I arrive at the end of 2021 looking back and looking forward.
At this time last year, we were eagerly awaiting the vaccines which we thought would solve all our problems. The vaccinations came, but COVID didn’t go.
It is easy to lose sight of the good things that have happened as we get bogged down with the stress of going into and out of COVID restrictions. And there is always the temptation to find a scapegoat – someone to blame for the fact that our world is so difficult right now.
My brother sends out a daily quote and included one recently that sort of fits the times: “My tolerance for idiots is extremely low today. I used to have some immunity built up, obviously there is a new strain out there.”
I guess this is rather cynical but it is humour that I think is necessary now more than ever.
There have been some fun times this year. Lorne and I participated in the Masons and Shriner's Burns Night Drive-Thru supper. Thank you, Dan Davies.
Then in August, we took our vegetables, photos, and scarecrow out to the Fall Fair for a family campout. Thank you, Bruce and Cheryl Christensen for your work organizing the Fair.
We have other things to be thankful for: we did get our vaccinations and we had an excellent garden out at the farm. The grandchildren helped us with the garden. This year, I have gained greater appreciation of home, husband, and health.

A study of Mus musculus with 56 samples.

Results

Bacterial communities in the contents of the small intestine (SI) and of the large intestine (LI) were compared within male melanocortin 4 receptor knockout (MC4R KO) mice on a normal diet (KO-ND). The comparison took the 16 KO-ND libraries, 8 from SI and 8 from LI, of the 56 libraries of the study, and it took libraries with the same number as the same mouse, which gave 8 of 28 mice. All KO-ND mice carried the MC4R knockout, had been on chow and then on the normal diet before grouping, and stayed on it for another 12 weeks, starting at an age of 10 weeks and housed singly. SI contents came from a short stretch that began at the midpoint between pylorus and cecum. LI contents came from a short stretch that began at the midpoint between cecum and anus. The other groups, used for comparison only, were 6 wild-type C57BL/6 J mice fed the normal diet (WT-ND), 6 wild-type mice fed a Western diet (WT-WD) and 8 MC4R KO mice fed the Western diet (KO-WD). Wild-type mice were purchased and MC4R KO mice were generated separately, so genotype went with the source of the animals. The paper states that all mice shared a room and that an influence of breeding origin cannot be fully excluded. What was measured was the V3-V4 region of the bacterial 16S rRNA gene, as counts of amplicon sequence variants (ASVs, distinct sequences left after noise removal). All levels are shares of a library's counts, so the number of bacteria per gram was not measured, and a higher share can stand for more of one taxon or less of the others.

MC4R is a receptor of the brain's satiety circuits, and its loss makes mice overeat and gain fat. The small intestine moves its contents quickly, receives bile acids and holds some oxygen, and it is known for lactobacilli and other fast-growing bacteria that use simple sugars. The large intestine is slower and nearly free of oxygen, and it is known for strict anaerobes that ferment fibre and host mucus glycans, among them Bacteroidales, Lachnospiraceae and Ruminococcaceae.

Frank Oberle’s Memoirs
You may remember Frank Oberle as the Member of Parliament for Prince George-Peace River. His memoir Finding Home: A War Child’s Journey to Peace takes us from his birth and childhood in Germany, to Canada, where he settled finally in Chetwynd.
Oberle was not bitter despite the harsh experiences in Nazi Germany and instead became determined to move and start over. The book was hard to put down.
Farewell to Rosalynn
I was saddened to read of the death of Rosalynn Baron. Although I didn’t teach Rosalynn, I remember seeing her working in the Bert Bowes library. Later, Rosalynn was a regular person at the A&W for breakfast when Lorne and I would go there occasionally before the pandemic. She will be missed.
Quote of the Week
"We act as though comfort and luxury were the chief requirements of life, when all we need to make us really happy is something to be enthusiastic about." (Charles Kingsley)
Ruby McBeth lives and writes in Fort St. John.